Hallam & Tennyson

On this day in 1833 Arthur Henry Hallam died suddenly at the age of twenty-two, while on a trip to Vienna. Although a promising poet and essayist, Hallam is chiefly remembered as the one eulogized in Tennyson’s “In Memoriam A. H. H.” The two first met at Cambridge, where they became best friends, and members of the legendary intellectual club, the Apostles. Hallam’s death became an enduring inspiration for Tennyson — sixteen years of meditative poems, these connected as stages in an evolving grief, though Tennyson neither foresaw their unity nor expected to publish them. When gathered together and anonymously printed on June 1, 1850, In Memoriam was overwhelmingly popular — 60,000 copies sold in six months — and soon regarded as a monument not just to Hallam but to the Victorian Age.

Tennyson regarded “In Memoriam” as a response to the challenges of Darwinian science and industrialization. Intended as an expression of “my conviction that fear, doubt and suffering will find answer and relief only through Faith in a God of Love,” the poem concludes with a ringing affirmation of “One God, one law, one element, / And one far-off divine event / To which the whole creation moves.” But some find the poem’s doubts and grief more telling than its faith, or prefer the famous lines on human love:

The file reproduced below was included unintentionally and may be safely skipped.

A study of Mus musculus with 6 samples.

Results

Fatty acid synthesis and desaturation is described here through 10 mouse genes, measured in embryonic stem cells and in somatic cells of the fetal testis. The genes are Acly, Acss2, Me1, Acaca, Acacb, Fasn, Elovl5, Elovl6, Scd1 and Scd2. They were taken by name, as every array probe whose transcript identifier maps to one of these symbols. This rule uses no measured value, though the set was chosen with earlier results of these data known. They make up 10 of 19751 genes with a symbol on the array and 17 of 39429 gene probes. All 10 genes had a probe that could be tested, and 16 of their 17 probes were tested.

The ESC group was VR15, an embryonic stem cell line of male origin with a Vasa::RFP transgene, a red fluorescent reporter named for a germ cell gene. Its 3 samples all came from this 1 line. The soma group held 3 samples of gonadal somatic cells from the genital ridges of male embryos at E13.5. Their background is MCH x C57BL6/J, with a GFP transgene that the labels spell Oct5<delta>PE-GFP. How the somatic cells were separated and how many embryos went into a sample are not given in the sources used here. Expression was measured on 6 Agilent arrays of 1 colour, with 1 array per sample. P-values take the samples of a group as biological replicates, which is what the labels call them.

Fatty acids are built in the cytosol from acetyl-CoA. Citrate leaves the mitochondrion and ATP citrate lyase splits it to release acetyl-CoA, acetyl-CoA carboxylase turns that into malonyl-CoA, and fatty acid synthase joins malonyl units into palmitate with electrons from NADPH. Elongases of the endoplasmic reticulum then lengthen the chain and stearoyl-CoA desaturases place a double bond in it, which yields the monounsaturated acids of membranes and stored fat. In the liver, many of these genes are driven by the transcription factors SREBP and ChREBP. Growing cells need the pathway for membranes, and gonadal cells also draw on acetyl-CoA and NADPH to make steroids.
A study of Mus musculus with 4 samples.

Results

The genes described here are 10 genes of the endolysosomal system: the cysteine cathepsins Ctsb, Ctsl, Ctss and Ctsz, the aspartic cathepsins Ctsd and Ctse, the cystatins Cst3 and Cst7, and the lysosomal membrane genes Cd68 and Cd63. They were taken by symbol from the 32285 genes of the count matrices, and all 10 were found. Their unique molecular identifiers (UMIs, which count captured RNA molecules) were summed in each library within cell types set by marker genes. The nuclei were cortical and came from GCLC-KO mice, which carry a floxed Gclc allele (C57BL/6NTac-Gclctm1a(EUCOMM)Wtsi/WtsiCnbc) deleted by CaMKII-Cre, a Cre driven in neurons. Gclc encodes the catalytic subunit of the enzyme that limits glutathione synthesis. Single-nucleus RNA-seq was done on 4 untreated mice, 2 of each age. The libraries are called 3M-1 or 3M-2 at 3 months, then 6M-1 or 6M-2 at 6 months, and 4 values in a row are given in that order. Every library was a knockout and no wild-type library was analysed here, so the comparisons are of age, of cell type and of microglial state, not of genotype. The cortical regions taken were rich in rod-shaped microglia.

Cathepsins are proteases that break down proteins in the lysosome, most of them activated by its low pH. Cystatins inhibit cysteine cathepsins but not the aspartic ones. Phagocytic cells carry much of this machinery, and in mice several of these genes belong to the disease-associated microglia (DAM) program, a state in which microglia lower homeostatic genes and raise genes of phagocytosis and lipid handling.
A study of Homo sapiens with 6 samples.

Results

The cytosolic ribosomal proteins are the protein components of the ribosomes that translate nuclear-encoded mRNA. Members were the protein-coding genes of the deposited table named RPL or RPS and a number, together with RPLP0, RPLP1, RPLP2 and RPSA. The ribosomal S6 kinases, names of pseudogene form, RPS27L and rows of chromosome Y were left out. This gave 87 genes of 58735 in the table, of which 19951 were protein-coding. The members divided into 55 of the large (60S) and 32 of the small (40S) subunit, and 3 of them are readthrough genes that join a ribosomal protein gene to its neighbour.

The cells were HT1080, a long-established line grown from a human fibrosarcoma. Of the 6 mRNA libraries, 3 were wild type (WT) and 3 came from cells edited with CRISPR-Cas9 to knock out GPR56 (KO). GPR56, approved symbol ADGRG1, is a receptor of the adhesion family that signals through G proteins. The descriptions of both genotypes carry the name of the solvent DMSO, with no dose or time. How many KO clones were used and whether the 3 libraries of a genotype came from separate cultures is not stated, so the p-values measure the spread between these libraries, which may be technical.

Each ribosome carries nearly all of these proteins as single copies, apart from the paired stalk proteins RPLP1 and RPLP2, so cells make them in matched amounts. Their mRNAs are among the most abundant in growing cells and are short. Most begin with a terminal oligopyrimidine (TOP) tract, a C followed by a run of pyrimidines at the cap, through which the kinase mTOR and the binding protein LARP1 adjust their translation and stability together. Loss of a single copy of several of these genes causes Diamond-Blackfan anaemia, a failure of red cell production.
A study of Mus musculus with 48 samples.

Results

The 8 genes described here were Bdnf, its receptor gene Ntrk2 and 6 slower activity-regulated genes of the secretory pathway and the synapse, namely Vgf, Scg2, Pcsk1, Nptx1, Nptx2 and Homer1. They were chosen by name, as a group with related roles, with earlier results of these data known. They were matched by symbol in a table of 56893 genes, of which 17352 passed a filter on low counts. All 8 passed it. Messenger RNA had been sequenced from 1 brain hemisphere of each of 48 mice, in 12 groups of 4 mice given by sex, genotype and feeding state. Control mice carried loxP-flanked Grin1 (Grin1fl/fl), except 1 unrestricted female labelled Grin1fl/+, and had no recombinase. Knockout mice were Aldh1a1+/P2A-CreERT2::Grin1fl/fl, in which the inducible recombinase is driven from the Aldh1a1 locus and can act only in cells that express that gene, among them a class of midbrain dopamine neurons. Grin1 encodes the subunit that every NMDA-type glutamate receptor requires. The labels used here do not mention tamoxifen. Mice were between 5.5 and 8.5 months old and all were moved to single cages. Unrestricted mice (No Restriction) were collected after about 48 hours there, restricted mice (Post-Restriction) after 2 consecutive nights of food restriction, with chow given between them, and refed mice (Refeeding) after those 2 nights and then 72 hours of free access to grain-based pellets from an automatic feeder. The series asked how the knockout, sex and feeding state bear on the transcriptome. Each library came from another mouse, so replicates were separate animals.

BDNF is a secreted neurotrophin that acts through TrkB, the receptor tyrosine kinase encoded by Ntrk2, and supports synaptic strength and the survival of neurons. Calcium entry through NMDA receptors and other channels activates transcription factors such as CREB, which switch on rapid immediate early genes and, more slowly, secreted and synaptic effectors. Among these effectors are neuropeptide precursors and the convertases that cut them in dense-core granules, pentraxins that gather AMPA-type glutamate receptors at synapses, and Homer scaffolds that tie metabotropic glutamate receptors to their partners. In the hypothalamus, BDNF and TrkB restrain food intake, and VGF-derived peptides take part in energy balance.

I envy not the beast that takes

His license in the field of time,

Unfetter’d by the sense of crime,

To whom a conscience never wakes;

Nor, what may count itself as blest,

The heart that never plighted troth

But stagnates in the weeds of sloth;

Nor any want-begotten rest.

I hold it true, whate’er befall;

I feel it, when I sorrow most;

‘Tis better to have loved and lost

Than never to have loved at all.

For Tennyson, the poem was also about love won. Within two weeks of publication, he and Emily Sellwood married, she and her family now having overcome their own doubts about Tennyson’s religious faith. On their honeymoon they visited Arthur Hallam’s grave, “a kind of consecration” of their vows; in time they would name their first son Hallam.

Daybook is contributed by Steve King, who teaches in the English Department of Memorial University in St. John’s, Newfoundland. His literary daybook began as a radio series syndicated nationally in Canada. He can be found online at todayinliterature.com.